Holy Trinity’s library committee is hard at work organizing and settling in our new place across from the church office. We are working on reorganizing the collection to help you find what you need as well as make it a cozy and peaceful space for reflection. Bear with us as we make it a better space for you.
New to the collection are a couple of in depth studies from the Great Courses organization. We are really excited about these great additions!
First is a series of 24 half-hour audio lectures on From Jesus to Constantine
From Jesus to Constantine: A History of Early Christianity, Parts 1 & 2is a series of 24 lectures by Professor Bart D. Ehrman, University of North Carolina at Chapel Hill on the early history of the Christian church. The lectures begin with The Birth of Christianity and end with Christianity and the Conquest of Empire. These lectures are history lessons to enlighten strong believers and non-believers alike. Theological discussions are limited to what is necessary to enlighten the listener of the significance of events and actions of people; the political, cultural, religious condition of the various groups in the period of roughly 300 BC to 400 AD; and to explain why and how theologies changed internally as well as how they influenced history. The lessons learned from these lectures should help any listener understand similarities and differences among the many Christian denominations that exist in the world, help them understand how these differences of opinion may have arisen, and provide a groundwork to assess the significance and validity of the reasons for those differences.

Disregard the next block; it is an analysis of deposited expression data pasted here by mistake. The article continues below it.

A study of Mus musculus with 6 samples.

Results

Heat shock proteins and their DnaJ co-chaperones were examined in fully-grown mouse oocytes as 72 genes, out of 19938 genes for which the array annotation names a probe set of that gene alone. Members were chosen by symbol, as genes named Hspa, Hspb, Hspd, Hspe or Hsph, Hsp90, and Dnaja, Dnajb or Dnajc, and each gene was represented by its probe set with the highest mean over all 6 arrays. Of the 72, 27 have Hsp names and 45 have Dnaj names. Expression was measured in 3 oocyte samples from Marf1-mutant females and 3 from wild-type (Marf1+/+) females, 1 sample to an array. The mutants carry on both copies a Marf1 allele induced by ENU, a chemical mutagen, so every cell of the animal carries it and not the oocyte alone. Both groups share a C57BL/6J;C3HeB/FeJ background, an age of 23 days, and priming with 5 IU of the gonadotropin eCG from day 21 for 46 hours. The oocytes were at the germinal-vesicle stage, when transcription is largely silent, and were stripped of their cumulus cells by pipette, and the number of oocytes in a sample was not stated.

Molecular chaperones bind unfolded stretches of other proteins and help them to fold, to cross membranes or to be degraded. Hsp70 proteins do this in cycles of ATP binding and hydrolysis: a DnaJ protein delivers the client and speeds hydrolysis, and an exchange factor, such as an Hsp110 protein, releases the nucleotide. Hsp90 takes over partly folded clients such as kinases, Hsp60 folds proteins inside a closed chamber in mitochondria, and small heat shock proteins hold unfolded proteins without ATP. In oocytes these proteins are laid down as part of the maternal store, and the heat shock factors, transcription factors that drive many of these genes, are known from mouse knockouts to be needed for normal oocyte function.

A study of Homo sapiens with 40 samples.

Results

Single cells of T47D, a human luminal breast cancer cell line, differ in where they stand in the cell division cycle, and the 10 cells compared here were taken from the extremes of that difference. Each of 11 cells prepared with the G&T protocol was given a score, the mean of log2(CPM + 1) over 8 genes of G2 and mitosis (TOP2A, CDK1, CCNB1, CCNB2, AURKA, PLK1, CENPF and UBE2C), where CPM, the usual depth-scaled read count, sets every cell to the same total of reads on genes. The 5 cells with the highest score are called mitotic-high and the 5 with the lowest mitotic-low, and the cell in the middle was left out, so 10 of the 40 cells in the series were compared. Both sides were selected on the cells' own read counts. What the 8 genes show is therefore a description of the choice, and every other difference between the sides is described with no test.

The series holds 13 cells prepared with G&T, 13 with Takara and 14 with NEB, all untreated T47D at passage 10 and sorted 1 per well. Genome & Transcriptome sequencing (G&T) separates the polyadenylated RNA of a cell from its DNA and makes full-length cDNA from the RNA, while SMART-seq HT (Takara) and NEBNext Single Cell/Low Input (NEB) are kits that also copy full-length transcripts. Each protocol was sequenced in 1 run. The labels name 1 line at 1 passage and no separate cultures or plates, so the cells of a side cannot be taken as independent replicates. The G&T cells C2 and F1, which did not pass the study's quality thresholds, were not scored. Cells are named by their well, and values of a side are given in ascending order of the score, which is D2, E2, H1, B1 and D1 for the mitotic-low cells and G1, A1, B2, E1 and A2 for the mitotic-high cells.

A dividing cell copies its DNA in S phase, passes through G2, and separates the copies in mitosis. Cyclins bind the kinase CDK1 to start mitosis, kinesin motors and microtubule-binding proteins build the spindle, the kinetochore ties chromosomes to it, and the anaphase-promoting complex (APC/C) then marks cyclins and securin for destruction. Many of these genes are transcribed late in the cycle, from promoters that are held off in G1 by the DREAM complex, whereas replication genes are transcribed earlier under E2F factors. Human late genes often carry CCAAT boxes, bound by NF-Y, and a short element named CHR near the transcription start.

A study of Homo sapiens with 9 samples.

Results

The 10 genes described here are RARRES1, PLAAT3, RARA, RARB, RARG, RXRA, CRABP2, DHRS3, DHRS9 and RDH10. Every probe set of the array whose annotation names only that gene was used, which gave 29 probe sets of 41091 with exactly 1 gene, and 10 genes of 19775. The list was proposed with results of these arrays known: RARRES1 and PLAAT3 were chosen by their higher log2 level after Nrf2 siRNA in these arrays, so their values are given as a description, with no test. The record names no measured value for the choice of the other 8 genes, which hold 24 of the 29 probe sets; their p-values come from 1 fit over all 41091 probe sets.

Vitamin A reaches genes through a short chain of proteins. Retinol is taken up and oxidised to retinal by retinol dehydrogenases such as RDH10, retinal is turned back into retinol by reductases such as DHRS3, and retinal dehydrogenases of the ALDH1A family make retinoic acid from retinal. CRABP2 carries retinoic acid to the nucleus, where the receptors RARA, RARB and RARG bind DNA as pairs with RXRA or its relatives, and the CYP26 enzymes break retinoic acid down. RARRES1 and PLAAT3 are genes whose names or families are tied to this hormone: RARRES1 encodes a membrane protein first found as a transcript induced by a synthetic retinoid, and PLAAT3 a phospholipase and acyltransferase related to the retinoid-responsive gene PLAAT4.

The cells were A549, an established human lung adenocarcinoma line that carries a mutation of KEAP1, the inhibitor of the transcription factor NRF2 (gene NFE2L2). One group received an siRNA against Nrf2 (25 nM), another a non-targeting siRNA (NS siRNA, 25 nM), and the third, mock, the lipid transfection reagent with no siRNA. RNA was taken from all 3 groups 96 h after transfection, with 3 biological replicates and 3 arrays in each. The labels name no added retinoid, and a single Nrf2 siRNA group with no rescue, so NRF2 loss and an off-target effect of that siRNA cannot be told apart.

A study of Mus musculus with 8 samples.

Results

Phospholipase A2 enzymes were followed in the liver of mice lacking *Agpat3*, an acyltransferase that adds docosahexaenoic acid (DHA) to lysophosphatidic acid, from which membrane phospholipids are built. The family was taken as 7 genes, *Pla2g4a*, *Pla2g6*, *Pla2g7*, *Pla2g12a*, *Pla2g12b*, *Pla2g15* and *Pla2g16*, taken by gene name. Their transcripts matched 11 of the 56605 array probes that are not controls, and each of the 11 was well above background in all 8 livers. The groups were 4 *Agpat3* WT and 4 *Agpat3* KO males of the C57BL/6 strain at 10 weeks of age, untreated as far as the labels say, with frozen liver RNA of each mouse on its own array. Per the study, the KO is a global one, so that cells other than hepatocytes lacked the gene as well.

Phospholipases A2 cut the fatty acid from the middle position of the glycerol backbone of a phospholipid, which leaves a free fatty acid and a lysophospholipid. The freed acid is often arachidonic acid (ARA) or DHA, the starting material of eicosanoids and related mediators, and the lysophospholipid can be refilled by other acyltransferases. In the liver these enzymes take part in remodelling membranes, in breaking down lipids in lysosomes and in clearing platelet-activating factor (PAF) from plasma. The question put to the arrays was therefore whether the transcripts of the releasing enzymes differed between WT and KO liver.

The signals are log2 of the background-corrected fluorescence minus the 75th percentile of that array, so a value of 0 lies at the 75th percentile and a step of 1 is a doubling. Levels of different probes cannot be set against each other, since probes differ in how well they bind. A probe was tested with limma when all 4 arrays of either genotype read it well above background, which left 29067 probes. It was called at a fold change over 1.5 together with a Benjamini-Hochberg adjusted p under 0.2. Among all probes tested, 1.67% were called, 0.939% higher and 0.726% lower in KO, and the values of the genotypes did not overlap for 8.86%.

Second is a series of 24 half-hour video lectures on Luther: Gospel, Law & Reformation
He was only one man—a humble monk and Bible professor—yet he sparked a religious rebellion that changed the course of history. Who was Martin Luther? What made his theology so explosive in 16th-century Europe? Was it really his intention to start Protestantism, and with it a new church?Luther: Gospel, Law, and Reformation will help you reach your own conclusions. This course explores Luther’s theology, the circumstances surrounding his conclusion that the papacy was “antichrist,” and major issues and events in the Reformation as it unfolded in Luther’s life after he posted his famous 95 Theses on the door of the church of Wittenberg, Germany, in 1517. (excerpts from Great Course site)
We hope you will enjoy these new additions about up-to-date information on these timely and informative subjects.